During the mid '60's, saxophonist Sam Rivers made a brief appearance as one of the potential leading lights of the new music that had sprung up in New York City. He had already briefly played in Miles Davis's quintet, serving as the bridge tenor player between George Coleman and Wayne Shorter. Sam had also started recording on Blue Note and was gaining a reputation as one of the significant post-Coltrane saxophonists.
Rivers'playing never broke through to a mainstream jazz audience however. After opening the legendary jazz performance loft Studio Rivbea with his wife Beatrice in lower Manhattan, he became a kind of cult figure, acquiring status among fellow musicians, but not widespread fame.
It's possible that his musical language was too idiosyncratic. Maybe it was that he didn't confine himself to one or two instruments, instead playing tenor, soprano, flute and, later, piano.
But it may have been that, prior to Fluid Motion, no recording engineer ever successfully reproduced Rivers's sound.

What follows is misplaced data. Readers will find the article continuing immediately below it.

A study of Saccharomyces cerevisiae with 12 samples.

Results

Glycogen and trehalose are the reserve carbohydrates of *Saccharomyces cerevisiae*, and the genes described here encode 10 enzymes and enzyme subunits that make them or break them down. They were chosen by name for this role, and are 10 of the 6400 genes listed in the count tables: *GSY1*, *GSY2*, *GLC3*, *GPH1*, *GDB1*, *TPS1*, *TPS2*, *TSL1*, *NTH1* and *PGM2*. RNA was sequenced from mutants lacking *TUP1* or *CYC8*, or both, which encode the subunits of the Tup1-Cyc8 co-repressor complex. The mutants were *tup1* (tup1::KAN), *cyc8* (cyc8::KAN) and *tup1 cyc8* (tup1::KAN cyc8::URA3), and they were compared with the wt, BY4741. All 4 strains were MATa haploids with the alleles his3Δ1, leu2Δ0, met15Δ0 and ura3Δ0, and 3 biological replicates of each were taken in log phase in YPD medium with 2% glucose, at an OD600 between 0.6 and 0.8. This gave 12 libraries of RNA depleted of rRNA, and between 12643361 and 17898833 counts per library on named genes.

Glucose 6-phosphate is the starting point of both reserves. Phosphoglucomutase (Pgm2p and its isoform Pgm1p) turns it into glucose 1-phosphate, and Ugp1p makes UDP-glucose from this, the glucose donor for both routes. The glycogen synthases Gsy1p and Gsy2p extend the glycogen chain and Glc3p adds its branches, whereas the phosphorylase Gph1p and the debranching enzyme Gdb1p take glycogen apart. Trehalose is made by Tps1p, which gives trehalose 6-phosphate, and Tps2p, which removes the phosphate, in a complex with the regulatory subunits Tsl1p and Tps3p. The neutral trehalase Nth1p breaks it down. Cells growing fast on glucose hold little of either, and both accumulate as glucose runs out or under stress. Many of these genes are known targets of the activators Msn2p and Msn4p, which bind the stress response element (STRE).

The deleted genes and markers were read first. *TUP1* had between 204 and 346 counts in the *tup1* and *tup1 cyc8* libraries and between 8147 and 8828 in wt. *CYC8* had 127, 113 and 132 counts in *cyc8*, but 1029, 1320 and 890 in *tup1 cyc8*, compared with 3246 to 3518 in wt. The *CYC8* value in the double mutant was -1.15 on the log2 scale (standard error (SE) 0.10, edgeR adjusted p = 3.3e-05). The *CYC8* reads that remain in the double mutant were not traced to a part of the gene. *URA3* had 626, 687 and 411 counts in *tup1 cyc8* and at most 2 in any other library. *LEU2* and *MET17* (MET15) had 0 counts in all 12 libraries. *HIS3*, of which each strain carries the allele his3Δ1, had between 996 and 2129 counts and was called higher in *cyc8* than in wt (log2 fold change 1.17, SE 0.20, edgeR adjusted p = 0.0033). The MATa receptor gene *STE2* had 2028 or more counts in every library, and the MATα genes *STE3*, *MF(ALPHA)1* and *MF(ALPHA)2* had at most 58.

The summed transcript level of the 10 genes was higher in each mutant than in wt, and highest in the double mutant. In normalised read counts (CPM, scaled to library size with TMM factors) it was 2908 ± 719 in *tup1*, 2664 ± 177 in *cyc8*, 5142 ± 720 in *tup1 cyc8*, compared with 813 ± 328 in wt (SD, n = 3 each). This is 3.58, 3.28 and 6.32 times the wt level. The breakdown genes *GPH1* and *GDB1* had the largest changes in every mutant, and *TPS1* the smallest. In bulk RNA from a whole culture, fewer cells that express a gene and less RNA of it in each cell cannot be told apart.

Recorded at the Springs Studio in Tampa, Florida, engineer John Stephan used a unique miking system that accurately captures Rivers 'tone (here confined to tenor and soprano) in all its richness and complexity. Additionally the live room sound lends the music an immediacy that makes Sam's working group of bassist Doug Matthews, drummer Anthony Cole, and trumpeter Jonathan Powell, along with trombonist David Manson, who wrote and arranged all of the material, sound particularly alive.
Manson composes small, epigrammatic pieces — the written parts very precise but with lots of available space. This gives the players both form and freedom.
Rivers is a master of this kind of inside-outside playing, but the whole band proves adept in the idiom. Matthews and Cole work largely in tandem, creating a spiky, churning backdrop for the soloists. They're not slick players, but they are highly effective, virtually devoid of cliché. Powell is an interesting find. There's a strong Don Cherry influence in his playing, yet there are also bop overtones, and — unlike Cherry — he gets a big, wide-open sound. Manson, as a soloist, is somewhat deferential to his colleagues but contributes significantly in the ensemble passages.
Fluid Motion is both accessible and challenging, and an unexpected find of genuine value.